On Saturday November 28, I took the train to Paris to add my voice to the discussion and demand strong action to combat climate change. Over the next two weeks, representatives from over 190 countries will convene in Paris for COP 21, the Paris Climate Summit, with the aim of reaching a post-2020 climate deal to safeguard the planet from irreversible climatic changes.

I am a banker and investor in projects that help facilitate positive change in society. Together with many others, we work on the transition to a green economy. We invest in solar, wind and other renewable energy power generation, as well as projects that bring energy efficiency or innovations. I want the representatives of the governments attending COP 21 to get a result that will accelerate the transition to a green economy. After multiple deceptions from climate conventions in the past, what can we expect from the talks that will be held in Paris beginning today?

Shared optimism

Jacco Minnaar, Director of Energy and Climate
Jacco Minnaar, Director of Energy and Climate

There is reason for some optimism, as many things have changed.

Take the climate change debate. Is there still a debate on climate change? The media likes to debate, but science is more certain than ever. Ninety-seven per cent of climate scientists agree that climate change is real and man-made. The debate shouldn’t therefore be about whether it exists, but rather what we can do about it.

Another reason for optimism: support is coming from all sides of the globe. The IMF, the White House, the Vatican, executives of large oil companies and multiple NGOs are all bringing the issue forward. They all advocate for charging those who emit carbon dioxide for their emissions, putting a price on carbon. The variety of advocates and the atypical alliances show that overall momentum is gathering, which is encouraging.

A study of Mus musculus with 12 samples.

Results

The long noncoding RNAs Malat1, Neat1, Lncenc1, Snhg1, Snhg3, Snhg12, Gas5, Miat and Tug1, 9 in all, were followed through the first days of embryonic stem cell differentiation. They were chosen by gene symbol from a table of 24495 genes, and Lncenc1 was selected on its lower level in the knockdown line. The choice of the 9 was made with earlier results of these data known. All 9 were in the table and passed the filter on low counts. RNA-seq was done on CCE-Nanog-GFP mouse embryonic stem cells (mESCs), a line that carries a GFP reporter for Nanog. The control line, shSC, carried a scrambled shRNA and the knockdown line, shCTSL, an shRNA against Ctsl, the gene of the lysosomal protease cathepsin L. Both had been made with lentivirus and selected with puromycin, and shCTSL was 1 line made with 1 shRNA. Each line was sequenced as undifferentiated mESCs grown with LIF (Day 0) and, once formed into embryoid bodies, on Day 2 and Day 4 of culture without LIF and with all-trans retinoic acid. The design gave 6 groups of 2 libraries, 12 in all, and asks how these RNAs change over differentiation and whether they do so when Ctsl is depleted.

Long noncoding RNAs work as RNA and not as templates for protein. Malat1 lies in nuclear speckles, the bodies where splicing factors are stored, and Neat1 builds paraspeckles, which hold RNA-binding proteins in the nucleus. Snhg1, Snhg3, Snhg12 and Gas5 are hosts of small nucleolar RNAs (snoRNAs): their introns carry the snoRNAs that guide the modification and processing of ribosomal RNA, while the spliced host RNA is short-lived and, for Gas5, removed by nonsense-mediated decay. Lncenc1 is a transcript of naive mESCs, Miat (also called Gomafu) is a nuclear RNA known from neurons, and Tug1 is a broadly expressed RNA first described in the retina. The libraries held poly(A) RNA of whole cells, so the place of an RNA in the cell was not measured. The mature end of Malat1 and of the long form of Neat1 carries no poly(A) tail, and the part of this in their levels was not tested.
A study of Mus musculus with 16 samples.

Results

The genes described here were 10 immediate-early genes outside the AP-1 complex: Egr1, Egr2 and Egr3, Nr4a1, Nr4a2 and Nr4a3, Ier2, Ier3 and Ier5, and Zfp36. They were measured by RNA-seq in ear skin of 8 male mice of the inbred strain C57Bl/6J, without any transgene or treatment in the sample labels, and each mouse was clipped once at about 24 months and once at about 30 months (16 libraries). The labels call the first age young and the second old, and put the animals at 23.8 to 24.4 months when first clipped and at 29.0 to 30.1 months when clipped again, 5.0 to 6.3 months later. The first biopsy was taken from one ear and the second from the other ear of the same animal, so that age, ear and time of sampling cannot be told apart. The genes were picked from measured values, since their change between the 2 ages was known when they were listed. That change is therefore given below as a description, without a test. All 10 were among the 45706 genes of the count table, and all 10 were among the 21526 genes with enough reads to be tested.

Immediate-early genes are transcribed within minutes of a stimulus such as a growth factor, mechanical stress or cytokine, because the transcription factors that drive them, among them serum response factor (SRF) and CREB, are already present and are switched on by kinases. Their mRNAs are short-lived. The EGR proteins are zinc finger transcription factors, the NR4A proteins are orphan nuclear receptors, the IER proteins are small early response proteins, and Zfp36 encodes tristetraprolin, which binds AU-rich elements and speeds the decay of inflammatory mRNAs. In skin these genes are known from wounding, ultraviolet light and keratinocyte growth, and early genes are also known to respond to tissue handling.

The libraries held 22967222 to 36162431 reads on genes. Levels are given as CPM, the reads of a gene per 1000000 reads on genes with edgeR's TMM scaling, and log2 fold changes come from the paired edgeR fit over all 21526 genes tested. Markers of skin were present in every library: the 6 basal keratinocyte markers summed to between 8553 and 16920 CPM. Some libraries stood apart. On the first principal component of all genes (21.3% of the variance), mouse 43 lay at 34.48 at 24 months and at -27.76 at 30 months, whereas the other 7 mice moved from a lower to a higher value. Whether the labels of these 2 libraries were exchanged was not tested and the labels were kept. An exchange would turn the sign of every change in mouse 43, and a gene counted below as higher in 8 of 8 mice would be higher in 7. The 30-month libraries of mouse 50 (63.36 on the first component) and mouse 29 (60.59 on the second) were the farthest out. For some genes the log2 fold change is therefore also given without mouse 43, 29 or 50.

Financial markets are starting to pay attention to carbon risk. ‘Stranded assets’ and ‘carbon bubble’ are becoming a part of our vocabulary. What is meant is that coal and hydrocarbon assets might devalue and even have to be written off if they stay underground and are not burned as a result of stricter regulation and cheaper renewable alternatives. NGOs and activists are no longer the only ones spreading the message. The governor of the Bank of England, Goldman Sachs and other financial sector players are making the headlines with their actions against climate change. According to the largest investment firm in the world BlackRock, ‘Climate Change has arrived as an investment issue.’ Large institutional investors are starting to divest (among the examples a recent announcement by two large Dutch pension funds).

Furthermore, more than 160 countries have made individual voluntary pledges to reduce CO2 emissions (so called INCDs). If you add up the individual pledges, this leads to a 2.7 degree increase in temperature (as assessed by the UN Framework Convention on Climate Change), and thus a slight improvement over the impact that no additional action will have, which would lead to a four degree plus increase. Scientists are in agreement that an excess of 2 degrees will lead to a negative global climate change. However, today there is evidence that two degrees of warming can already have dangerous consequences. Despite the pledges, stronger action is still required. And so, there is still work to be done in Paris.

COP 21 in Paris can accelerate the transition to a low carbon economy

Where do we go from here?

The question is not do we have to change nor will we change? The question is how fast will we change? And will it be fast enough to limit global warming to no more than 2 degrees. The faster we change, the lower the overall costs to society, both from a social, environmental and from a financial point of view.

This makes COP 21 in Paris important and potentially a pivotal moment in history. Many are already working on the change and the change will happen. However, with the right political framework and the right business enabling environment, the transition to a low carbon economy will be accelerated. That is what COP 21 can and is aiming to achieve.

The other question we should ask is what is the desired outcome from COP21? There is no silver bullet, but through effective interventions, politicians can put a price on carbon. This will hopefully lead to the closure of the most polluting assets (e.g. coal-fired plants) and a massive inflow in investments in renewable energy.

There is no silver bullet, but the most effective intervention politicians can make is to put a price on carbon

Renewable energy

Triodos Bank has been financing renewable energy for more than 25 years and is a partner of first choice for a relative large amount of developers and investors in the renewable energy sector. Triodos Bank considers energy to be a basic human need and therefore something that we need to ensure is being generated and used on a sustainable basis for future generations.
For an overview of our activities in energy and climate, please visit the Energy and Climate investment strategy page.